Now that Congress has passed a historic $1.9 trillion coronavirus relief package, Connecticut is expected to receive hundreds of millions of dollars more than anticipated from the federal government. The federal bill is expected to provide $2.6 billion in direct relief to the state to cover revenue lost because of the pandemic. Governor Lamont’s budget request relies on almost $1.75 billion in federal funding to cover lost revenue, leaving about $850 million in additional assistance coming from the federal government. Also, Connecticut has about $3 billion in its rainy day fund.
The proposed $90 million vehicle mileage tax or truck tax in this budget, combined with the recently signed Transportation and Climate Initiative that will raise the price of gasoline by 17 cents per gallon, drives up the cost of living in an already high-cost-of-living state. They also drive up the cost of food and impact shoppers and local business unequally.
We estimate that the truck tax will cost an average Connecticut family of four almost $500 more annually for food. Citizens who are most severely impacted by the tax are families without a safety net, seniors on fixed incomes, and displaced workers. The state’s most vulnerable residents are the least immune to rising food costs.
Weight-distance taxes are largely self-assessed by taxpayers rather than collected from a smaller number of entities that can pass the tax along to their customers. That alone leaves those taxes more open to evasion, and nearly every state that has tried them has concluded that they have been widely evaded. Whatever the conceptual equity of this plan may be, a widely evaded tax is not a fair tax.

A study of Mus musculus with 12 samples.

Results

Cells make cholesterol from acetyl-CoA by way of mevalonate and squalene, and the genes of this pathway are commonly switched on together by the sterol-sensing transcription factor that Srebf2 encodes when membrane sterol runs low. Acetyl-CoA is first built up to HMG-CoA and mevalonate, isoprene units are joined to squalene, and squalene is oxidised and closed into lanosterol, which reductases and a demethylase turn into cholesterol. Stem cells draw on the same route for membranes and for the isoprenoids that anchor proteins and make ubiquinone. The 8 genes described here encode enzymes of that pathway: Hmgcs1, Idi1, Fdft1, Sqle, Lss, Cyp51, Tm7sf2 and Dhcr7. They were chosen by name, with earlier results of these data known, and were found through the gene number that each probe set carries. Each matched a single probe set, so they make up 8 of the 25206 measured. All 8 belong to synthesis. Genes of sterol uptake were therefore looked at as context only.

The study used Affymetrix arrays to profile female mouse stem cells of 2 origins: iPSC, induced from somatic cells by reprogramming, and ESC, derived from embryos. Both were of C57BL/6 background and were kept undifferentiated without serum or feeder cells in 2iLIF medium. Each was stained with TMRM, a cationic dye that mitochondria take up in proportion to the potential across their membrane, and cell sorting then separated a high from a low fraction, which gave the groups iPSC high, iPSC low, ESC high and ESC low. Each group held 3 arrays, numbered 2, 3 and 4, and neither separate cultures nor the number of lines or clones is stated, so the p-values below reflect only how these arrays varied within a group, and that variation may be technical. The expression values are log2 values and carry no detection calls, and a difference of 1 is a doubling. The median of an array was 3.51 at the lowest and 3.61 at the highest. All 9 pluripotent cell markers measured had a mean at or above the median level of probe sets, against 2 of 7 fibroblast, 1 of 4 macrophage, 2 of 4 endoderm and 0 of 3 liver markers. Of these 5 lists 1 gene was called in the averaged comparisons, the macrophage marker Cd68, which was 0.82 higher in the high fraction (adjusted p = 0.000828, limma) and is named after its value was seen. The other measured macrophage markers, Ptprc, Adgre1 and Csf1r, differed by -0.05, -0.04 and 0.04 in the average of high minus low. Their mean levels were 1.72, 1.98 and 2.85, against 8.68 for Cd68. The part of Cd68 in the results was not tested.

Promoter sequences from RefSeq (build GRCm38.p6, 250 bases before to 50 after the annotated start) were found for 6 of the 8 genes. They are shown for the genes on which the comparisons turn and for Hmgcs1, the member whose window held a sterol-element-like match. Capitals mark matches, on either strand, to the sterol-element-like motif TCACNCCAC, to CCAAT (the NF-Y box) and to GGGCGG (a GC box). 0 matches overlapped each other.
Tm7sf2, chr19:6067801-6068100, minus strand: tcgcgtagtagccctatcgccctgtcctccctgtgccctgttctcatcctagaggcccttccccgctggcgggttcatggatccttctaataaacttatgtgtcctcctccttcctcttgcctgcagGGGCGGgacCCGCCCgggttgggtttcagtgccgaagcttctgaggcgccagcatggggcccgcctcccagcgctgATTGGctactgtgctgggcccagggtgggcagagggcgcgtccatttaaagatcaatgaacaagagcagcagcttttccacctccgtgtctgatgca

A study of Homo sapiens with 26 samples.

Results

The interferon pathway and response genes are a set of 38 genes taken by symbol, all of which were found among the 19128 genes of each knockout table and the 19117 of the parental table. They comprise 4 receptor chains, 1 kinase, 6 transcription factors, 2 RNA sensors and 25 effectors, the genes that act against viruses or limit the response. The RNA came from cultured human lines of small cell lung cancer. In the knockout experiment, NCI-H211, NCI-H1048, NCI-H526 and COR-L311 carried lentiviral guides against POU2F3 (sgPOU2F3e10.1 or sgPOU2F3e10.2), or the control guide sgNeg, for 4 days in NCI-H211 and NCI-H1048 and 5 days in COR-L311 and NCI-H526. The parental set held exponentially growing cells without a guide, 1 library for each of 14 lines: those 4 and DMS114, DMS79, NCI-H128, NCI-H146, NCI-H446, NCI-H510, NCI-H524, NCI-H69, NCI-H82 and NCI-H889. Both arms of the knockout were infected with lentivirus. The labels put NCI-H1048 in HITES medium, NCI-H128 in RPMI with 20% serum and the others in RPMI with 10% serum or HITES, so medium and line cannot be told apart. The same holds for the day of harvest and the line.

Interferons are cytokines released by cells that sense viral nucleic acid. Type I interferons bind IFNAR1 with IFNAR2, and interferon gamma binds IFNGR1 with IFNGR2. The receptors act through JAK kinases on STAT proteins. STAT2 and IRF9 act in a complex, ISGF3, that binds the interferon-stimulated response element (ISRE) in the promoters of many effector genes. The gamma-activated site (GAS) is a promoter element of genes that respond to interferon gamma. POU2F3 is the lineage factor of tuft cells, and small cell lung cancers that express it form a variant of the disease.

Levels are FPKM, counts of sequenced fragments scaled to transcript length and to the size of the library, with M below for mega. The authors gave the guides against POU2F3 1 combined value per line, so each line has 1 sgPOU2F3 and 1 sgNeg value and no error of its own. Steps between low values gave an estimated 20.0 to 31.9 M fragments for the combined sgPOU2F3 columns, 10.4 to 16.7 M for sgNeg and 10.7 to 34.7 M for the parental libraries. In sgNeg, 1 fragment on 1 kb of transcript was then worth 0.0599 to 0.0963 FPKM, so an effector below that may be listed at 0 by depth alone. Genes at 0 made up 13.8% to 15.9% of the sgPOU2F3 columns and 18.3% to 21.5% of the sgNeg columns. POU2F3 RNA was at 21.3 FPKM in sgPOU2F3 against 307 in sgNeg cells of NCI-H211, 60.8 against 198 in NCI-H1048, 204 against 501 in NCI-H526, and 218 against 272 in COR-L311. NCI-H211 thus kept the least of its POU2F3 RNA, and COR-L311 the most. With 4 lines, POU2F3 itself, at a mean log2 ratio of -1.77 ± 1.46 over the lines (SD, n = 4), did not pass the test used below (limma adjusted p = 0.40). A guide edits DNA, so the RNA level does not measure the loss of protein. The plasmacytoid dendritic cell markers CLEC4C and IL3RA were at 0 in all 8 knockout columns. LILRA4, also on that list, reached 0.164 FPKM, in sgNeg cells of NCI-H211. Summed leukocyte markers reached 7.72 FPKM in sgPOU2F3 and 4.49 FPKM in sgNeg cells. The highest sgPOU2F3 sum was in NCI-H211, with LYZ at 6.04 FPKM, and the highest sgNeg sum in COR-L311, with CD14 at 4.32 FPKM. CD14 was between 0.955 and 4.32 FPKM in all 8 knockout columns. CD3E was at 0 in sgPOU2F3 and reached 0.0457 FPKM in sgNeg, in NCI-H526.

Administrative collection enforcement tools for weight distance taxes are one of the main causes of their complexity, expense, and unfairness. Only a thorough program of audits can ensure broad compliance, and those are costly to track for a complex tax scheme such as this. The government’s expense for those enforcement mechanisms drives up the tax rate, which also raises the incentive to evade it.
To paraphrase the budget press release on Connecticut’s official state website: the path forward should be anchored in honesty, data and stakeholder value. However this particular tax is unequitable, unenforceable, and inefficient. The stakeholders who we ask the committee to protect are consumers, food suppliers, food distributors, local trucking companies and our state’s most at risk citizens.